Der Vasken's Sermon on January 19, 2020

Jan 22, 2020

In the name of the Father and of the Son and of the Holy Spirit.

Last Sunday we spoke about the life of John the Baptist as it was the feast day of his birth and we saw much more about him than first meets the eye.  We saw that baptizing people was only one aspect of his short but productive life.  And we saw how his message of faith speaks to our 21st Century lives every bit as much as it did to 1st Century lives.

Today, I want to continue that thought by looking at the life of another saint.  This saint is far less known to the world.  His name is all but forgotten.  He is a saint unique to the Armenian Church.  So I want to continue speaking about faith today and I want to do that by looking at the life of a man who lived hundreds of years after John the Baptist.

This coming Thursday in the Armenian Church is a day dedicated to a saint who lived a very long time ago.  Thursday is the Feast of St. Vahan.  St. Vahan lived in the first half  of the 8th Century.  He is a saint unfamiliar to many people, but back around 730 A.D., he made the Kingdom of Armenia and the Empire of Persia stand up and take notice of his faith in Jesus Christ.  Read these words: "I prefer eternal life in Heaven over the temporary days of this world."  These were the final words of this humble saint as he faced his executioner and remained firm in his faith.

St. Vahan's life story is remarkable.  As a young child, Vahan witnessed his parents killed by the invading Persian army.  He and many other Armenian children were taken to Persian lands to live and learn the ways of Islam. While serving in these foreign lands, the Persian rulers granted the captured Armenian children, who had then grown into adulthood, the right to return to their ancestral homes.  Vahan promised his Persian leader that he would return one day soon, but after returning to Armenia, his Persian ruler died and Vahan felt he was released from his promise.

While in Armenia, Vahan fell in love and married and he re-established himself as the true owner of his father's land.  The other Persian rulers, however, demanded Vahan's return and started to chase after him.  He fled from one location to another over a number of years, leaving his family and home behind.  At each place he went, the people of that region became endangered because of his presence.  So Vahan eventually decided to surrender himself and explain to the Persian rules his desire to remain in Armenia and practice his own religion.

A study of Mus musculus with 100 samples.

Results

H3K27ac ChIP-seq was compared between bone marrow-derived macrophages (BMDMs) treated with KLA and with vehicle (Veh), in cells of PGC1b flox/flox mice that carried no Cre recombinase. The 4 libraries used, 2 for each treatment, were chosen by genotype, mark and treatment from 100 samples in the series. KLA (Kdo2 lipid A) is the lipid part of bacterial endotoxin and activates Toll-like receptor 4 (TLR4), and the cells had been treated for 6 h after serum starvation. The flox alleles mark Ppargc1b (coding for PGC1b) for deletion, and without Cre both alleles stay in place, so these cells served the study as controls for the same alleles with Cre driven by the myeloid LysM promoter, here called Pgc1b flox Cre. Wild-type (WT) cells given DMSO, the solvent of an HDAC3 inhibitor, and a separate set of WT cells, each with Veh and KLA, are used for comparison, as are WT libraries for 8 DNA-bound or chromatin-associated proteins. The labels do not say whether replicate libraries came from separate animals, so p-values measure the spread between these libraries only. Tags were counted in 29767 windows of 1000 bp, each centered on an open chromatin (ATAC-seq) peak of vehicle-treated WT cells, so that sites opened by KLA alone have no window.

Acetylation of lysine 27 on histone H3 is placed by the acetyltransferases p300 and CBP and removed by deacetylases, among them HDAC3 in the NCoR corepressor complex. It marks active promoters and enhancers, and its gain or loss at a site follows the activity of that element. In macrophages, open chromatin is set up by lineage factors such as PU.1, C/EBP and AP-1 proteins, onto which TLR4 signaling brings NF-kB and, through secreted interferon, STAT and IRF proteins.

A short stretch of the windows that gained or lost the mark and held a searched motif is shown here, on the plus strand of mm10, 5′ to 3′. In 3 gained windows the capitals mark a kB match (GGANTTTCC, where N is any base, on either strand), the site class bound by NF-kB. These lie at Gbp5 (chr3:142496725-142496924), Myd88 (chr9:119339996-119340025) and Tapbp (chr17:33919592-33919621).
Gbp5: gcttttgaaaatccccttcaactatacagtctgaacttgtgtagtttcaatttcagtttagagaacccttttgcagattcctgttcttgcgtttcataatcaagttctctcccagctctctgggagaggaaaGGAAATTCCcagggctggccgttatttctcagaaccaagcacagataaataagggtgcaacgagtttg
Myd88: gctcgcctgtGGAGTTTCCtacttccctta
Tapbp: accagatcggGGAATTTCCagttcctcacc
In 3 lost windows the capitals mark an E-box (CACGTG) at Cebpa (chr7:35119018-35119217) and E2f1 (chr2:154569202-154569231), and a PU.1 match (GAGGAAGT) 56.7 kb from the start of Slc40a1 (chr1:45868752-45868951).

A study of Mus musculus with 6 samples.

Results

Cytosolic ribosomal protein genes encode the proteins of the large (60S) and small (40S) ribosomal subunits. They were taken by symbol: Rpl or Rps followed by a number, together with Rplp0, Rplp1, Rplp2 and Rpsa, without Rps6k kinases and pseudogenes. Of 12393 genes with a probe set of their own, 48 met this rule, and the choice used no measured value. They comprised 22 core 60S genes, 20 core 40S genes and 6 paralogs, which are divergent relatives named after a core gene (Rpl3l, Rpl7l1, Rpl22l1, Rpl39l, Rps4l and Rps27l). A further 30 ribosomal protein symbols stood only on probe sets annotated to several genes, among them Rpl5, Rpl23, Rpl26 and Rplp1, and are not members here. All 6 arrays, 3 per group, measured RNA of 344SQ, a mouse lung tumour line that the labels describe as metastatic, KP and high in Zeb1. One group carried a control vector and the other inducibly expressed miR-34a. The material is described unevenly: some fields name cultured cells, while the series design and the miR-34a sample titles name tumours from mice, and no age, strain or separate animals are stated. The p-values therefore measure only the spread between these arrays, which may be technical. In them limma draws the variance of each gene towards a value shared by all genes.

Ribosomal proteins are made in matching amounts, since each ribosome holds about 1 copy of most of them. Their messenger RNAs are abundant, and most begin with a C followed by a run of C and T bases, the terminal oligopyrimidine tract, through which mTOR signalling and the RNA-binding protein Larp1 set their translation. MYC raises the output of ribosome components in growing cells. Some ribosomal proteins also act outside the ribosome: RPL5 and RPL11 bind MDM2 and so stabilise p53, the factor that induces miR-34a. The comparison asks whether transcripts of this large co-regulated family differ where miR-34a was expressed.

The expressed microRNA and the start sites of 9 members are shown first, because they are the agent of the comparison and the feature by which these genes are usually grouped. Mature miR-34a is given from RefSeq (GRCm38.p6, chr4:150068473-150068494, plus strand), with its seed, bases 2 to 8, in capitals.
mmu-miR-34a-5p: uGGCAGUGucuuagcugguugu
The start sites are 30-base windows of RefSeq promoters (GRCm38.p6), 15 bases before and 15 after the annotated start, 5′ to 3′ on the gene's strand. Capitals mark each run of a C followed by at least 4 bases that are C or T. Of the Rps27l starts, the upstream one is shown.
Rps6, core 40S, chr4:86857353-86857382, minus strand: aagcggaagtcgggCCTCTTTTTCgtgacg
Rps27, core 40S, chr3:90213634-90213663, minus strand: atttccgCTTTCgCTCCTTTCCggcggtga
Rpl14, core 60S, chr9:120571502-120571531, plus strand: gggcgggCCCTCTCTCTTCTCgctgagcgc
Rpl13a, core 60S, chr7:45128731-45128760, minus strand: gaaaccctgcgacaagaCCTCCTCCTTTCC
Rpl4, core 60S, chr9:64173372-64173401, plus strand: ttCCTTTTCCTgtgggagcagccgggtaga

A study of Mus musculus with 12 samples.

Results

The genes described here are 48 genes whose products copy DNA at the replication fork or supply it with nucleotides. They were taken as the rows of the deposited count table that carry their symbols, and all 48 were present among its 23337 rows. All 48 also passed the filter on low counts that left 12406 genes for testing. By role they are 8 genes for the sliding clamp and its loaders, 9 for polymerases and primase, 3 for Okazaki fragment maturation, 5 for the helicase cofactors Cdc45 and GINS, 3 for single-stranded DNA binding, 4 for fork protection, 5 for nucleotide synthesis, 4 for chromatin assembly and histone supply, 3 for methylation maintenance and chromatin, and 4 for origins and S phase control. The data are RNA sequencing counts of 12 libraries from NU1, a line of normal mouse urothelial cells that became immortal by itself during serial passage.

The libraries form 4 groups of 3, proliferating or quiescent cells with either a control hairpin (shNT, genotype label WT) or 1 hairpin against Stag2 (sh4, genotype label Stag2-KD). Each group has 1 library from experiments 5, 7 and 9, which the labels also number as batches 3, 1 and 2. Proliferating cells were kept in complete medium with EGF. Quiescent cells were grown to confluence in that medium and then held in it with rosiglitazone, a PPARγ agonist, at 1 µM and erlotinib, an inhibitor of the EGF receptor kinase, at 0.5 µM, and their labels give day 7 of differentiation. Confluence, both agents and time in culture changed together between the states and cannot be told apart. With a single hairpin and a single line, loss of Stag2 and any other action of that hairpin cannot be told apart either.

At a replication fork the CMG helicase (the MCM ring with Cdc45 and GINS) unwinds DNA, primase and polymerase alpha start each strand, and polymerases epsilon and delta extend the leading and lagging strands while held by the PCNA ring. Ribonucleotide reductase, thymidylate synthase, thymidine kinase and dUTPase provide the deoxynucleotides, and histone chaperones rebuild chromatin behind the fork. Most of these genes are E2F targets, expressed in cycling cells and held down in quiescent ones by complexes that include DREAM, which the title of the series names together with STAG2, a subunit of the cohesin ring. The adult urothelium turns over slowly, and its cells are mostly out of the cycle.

The  Persian rulers had him immediately thrown into prison and according to history, he suffered many, many unspeakable tortures and was ultimately beheaded.  At the time of his martyrdom, his executioner tried one last time to make Vahan convert to the Persian religion.  Here is what he said to Vahan:  "Oh you pathetic little man.  You could live to see another day instead of this day of death.  Why don't you choose life? Why do you prefer death?"  And Vahan answered him with these words: "I prefer eternal life in Heaven instead of the passing days of this world."

In other words, with his last words on earth, St. Vahan spoke of his unshakable trust in the teachings of Jesus Christ and the promises of Heaven.  With his dying words, he witnessed to the world around him that he believed with his whole being that eternal life comes through Jesus Christ, the Son of God.  And for his firm, Vahan earned his eternal life in Heaven and was canonized into sainthood by the Armenian Church.

This story always reminds me of the faith of our genocide martyrs.  They could have converted but instead they held on to the faith of their ancestry, the faith of their families, the faith of their heritage and like St. Vahan, they "preferred eternal life over the passing days of this world."  What should we learn from the life of St. Vahan--a man whose life and faith bear witness to us today thirteen centuries after his death?   I think it is simply this.  St. Vahan's life needs to be held up as an example for us all and not forgotten and not placed only as a date of remembrance in the calendar.  His life speaks to us from the pages of history.  His life tells us to bear witness to our Christian faith and to hold our faith in our heart and in our soul and let it breathe into today's world.  

He is telling us that persecution like he faced, no matter how terrible, cannot shatter hope or corrode faith or suppress love, or silence courage or even invade the soul if we have a relationship with the Son of God and understand the value of the relationship.  Persecution, in whatever form, is difficult for everyone, and persecution comes in different forms for everybody.  For some people disease is a persecution; illness is a persecution; depression feels like persecution and loneliness is a terrible form of persecution faced by too many people.  Persecution, in whatever form, is difficult for everyone, but it is impossible to face if we face it without our faith in Jesus Christ.

So as we look at the life of this quiet saint of the Armenian Church, ask yourself:

  • What difficulty am I facing in my life today?
  • And have I asked God to face it with me?

Something for all of us to think about.